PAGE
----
Good advice can be a godsend when it comes to starting and growing an independent operation. Trouble is, terrible intel is as plentiful as the good stuff, and sometimes it can be hard to tell the difference. Here, DIY vets, from both decades-old indie collectives and tiny one-man operations, share some of the most common misconceptions that a small-scale entrepreneur can have about operating on your own.
1. If a business model worked for one successful indie label, it will work for you, too. “The shittiest advice is to know what everybody else is doing,” Sub Pop executive VP Megan Jasper says. “What works for one company — even if it’s a like-minded or seemingly similar company — may not work for the next. What do you do best? [Answering] that is the only way you’re ever going to be able to put your best foot forward-not copying Matador, or Epitaph, or anyone else who may be doing awesome things.”
“[People] give us good advice, but it doesn’t really fit with our core principles,” says Joe Steinhardt, co-founder of New Jersey-based Don Giovanni Records, home to bands like Screaming Females. “‘What values should I have?’ — that’s the wrong question. There’s no such thing as ‘DIY values’ or ‘independent values.’ The thing with doing it yourself is that you set your own values, and then you figure out how to do things [while] following them.”
“I don’t know if our model — a group of longtime friends who trust each other — would be effective for anyone else,” says Dessa, rapper and member of Minneapolis hip-hop collective Doomtree. “And I’ve seen a lot of methods that are successful for others that wouldn’t be for us. If people tell you it’s important to be mindful of trends and what’s going on with [other people], you can go ahead and not listen to that.”
2. Don’t spend too much time drafting a budget. “I feared doing budgets, and once an industry professional told me, ‘All you got to do is pull a number from your ass and add a couple zeros at the end,'” Jasper says. “I was like, ‘Are you fucking with me right now? Because that is the most fucked-up thing I’ve ever heard in my life.’…I hope it goes without saying: Do not take that fucking advice.”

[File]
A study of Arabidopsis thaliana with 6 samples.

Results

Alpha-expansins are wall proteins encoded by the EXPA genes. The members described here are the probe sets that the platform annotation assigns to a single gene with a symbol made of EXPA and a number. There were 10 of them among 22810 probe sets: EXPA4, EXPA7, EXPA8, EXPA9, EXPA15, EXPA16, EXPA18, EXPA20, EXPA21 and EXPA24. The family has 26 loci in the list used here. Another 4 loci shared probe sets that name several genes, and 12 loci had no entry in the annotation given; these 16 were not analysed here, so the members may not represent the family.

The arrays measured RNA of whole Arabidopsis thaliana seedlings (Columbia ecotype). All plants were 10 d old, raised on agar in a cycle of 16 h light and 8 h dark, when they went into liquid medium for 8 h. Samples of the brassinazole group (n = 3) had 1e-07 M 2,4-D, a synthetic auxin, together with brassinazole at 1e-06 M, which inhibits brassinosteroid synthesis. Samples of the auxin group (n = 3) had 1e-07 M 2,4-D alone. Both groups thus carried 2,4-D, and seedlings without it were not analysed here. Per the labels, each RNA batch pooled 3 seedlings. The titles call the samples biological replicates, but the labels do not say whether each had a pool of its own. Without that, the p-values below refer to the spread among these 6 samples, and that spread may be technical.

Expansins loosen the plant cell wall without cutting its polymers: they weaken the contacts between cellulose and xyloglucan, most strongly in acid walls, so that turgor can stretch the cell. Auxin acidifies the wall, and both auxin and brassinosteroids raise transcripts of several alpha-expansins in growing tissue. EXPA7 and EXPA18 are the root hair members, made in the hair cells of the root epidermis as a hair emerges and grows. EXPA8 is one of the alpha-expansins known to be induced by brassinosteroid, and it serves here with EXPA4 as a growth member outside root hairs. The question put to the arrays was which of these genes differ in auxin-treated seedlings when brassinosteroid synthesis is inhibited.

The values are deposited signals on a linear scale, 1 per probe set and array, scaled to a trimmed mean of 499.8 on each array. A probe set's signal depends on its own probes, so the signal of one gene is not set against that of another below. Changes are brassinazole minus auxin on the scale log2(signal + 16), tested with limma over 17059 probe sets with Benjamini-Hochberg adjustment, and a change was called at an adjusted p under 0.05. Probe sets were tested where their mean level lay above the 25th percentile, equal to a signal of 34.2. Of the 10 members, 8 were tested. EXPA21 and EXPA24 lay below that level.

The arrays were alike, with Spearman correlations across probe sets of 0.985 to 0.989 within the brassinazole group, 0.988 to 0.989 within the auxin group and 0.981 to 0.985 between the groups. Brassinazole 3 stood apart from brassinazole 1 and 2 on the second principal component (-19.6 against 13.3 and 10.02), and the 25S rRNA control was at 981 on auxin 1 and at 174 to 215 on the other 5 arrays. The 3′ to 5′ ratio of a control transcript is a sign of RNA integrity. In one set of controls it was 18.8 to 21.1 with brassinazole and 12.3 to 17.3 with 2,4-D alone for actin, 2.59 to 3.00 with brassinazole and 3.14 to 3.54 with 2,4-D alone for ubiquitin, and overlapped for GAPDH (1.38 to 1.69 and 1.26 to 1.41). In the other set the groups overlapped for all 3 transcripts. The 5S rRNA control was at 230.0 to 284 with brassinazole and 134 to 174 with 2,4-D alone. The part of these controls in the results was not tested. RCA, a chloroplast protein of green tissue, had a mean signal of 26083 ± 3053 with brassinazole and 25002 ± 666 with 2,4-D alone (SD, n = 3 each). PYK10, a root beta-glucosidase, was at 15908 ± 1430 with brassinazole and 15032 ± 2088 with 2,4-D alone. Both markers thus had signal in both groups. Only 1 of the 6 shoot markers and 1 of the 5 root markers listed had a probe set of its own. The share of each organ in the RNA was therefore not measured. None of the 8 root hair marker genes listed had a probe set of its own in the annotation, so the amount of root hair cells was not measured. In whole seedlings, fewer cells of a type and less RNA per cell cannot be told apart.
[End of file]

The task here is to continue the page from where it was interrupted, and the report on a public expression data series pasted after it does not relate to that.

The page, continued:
3. Contracts are less important when you’re working with your friends. “Anyone doing anything DIY [will probably] work with their friends,” says Sebastian Cowan, founder of Arbutus Records, the Montreal label/collective responsible for acts like Grimes and Majical Cloudz. “Even though you would think having contracts with your friends is unintuitive because you understand each other, those lines get blurred. Be really clear about where your professional obligations are. Never work under the guise of ‘let’s assume.’ From the very start, even if you’re only making 50 cassettes. It’s just so important.”
4. Always present your product in the clearest, most straightforward manner. “The advice that ‘young kids have ADD, and they’re stupid, and you have to drill [work ethics] into their heads,’ blah, blah, blah. I wholeheartedly, fundamentally disagree,” says Christian Clancy, manager of hip-hop collective Odd Future. “I used to get into arguments at my old job, because I was a fan of confusion — because it means you’re [exploring] a part of the brain that no one else has gone to. It’s OK if people don’t know the answer. If they’re confused, they have to think and they have to do research.”
5. Good advice is good advice is good advice. “The best advice today can be the worst tomorrow or vice versa,” says Hunter Giles, founder/operator of Infinite Best Recordings, home to Brooklyn acts like Ava Luna and Twin Sister. “I could tell you, ‘Never turn down a song you can have for free,’ but that’s not a good policy in the wrong hands. The most important thing is to just try and think critically about all possible hypotheticals, even the unpleasant ones.” Dessa says, “There are as many successful methods as there are successful stories. I would be really wary of anyone who tells you they have an unbreakable rule or a steadfast formula for success.”